The holiday is called la quema del diablo or the burning of the devil and it signifies the cleansing of the house and the readying of the family for the winter holiday - out with the old evil spirits, in with the new good spirits of Christmas. What started in colonial times with fires along the streets to light the way for the procession of the Virgen de Concepción, morphed over the years into a symbolic battle of good and evil. The diablo is an important figure in Mayan mysticism and it was easy for them to translate the physical reduction of trash to ashes into a ritual that represents the devil being banished back to his fiery hell. In a city of millions the pollution is a problem on December 7th and the mayor asked his subjects to refrain from burning trash. As usual, this request was ignored, the people would have their holiday, the devil must not prevail!
Our Devil Burn included a couple 3-foot tall colorful tissue paper devils, some fireworks and after-burn S'mores - equaling a pretty amazing Saturday evening.
Hubby and I have been fortunate to have met some really cool friends over the last month of living in Guatemala City including some fun locals who happen to have a gorgeous little lake house on the shores of Lake Atitlan. They invited us out to celebrate Quema del Diablo in the peace and quiet of their cozy cabin. We had an amazing time and celebrated the first of what we hope are many more Quemas to come. What a freakin' fun holiday! I can't wait to do this every year.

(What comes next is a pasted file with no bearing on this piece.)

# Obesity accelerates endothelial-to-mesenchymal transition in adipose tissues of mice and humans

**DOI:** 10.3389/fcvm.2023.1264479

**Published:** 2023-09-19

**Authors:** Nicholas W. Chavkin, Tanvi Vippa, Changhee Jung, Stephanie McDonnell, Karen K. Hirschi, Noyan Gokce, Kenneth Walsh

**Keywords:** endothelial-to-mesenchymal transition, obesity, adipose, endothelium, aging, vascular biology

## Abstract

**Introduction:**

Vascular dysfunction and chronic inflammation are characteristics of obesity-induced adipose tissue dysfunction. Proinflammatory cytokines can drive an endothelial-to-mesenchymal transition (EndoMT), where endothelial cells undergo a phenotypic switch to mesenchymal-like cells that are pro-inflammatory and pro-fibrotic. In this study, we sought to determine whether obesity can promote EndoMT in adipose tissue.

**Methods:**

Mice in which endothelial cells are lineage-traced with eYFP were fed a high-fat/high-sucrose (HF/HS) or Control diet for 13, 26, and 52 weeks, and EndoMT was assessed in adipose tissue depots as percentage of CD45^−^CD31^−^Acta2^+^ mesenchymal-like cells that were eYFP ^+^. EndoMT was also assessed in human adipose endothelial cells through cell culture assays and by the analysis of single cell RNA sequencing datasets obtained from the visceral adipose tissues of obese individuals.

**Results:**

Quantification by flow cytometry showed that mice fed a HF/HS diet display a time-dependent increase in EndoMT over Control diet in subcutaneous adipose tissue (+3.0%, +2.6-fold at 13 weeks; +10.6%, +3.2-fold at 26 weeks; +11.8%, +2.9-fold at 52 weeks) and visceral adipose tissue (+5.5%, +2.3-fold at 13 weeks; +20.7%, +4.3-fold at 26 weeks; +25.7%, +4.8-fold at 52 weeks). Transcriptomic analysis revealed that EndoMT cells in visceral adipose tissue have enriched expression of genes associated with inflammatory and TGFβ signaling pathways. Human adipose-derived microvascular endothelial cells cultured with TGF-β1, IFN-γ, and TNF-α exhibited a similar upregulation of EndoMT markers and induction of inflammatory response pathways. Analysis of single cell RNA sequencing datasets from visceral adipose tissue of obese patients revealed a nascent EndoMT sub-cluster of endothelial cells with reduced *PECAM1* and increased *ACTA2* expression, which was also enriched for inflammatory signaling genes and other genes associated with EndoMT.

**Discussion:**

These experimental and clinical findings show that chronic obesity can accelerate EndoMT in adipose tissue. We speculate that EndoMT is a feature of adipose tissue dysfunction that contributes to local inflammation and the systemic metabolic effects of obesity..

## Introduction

Their lake house has no roads to it and is absolutely adorable. It's rustic and comfortable, built into the hillside using native rocks and wood with a sloping green lawn for a beach and a private dock. We took their motor boat out for cruises, swam in the clear, deliciously chilly water, paddled their kayaks and grilled up some amazing wood-fired food.
At 18:00 sharp we stuffed some fireworks in the first devil's belly, doused the little dude in gasoline and lit him up. EPIC. I love fireworks. (And it's a good thing I do because we hear them every day in the city and all through the night, including the 5am morning flash-bomb wake-up call.) Little Lucifer burned for about 3 seconds before exploding in a popping mess of firecrackers that shot flaming bits of tissue paper into the air. Devil number 2 got burned with the same "bomba" just like the petite Mayan lady at the diablo stall in the market recommended. "You want to put a bomb inside him for a good boom" she said, with an impish little sparkle in her eye.
Driving back to the city we felt cleansed. Whether it was from the fresh air at the lake, the ab-burning laughter around the fire with friends, or from our primal screams while we watched the little devils turn to ashes under the star-filled sky, the weekend worked wonders for letting off a little holiday stress.
After thousands if not millions of fires on Saturday night I was worried that we would be returning to skies so brown the volcanoes around the city would be obscured by pollution. But aside from the normal eye-watering exhaust from the buses, the city air was no worse than usual. It seems mother nature had ordered up some wind and rain to help wash away the by-product of the burn.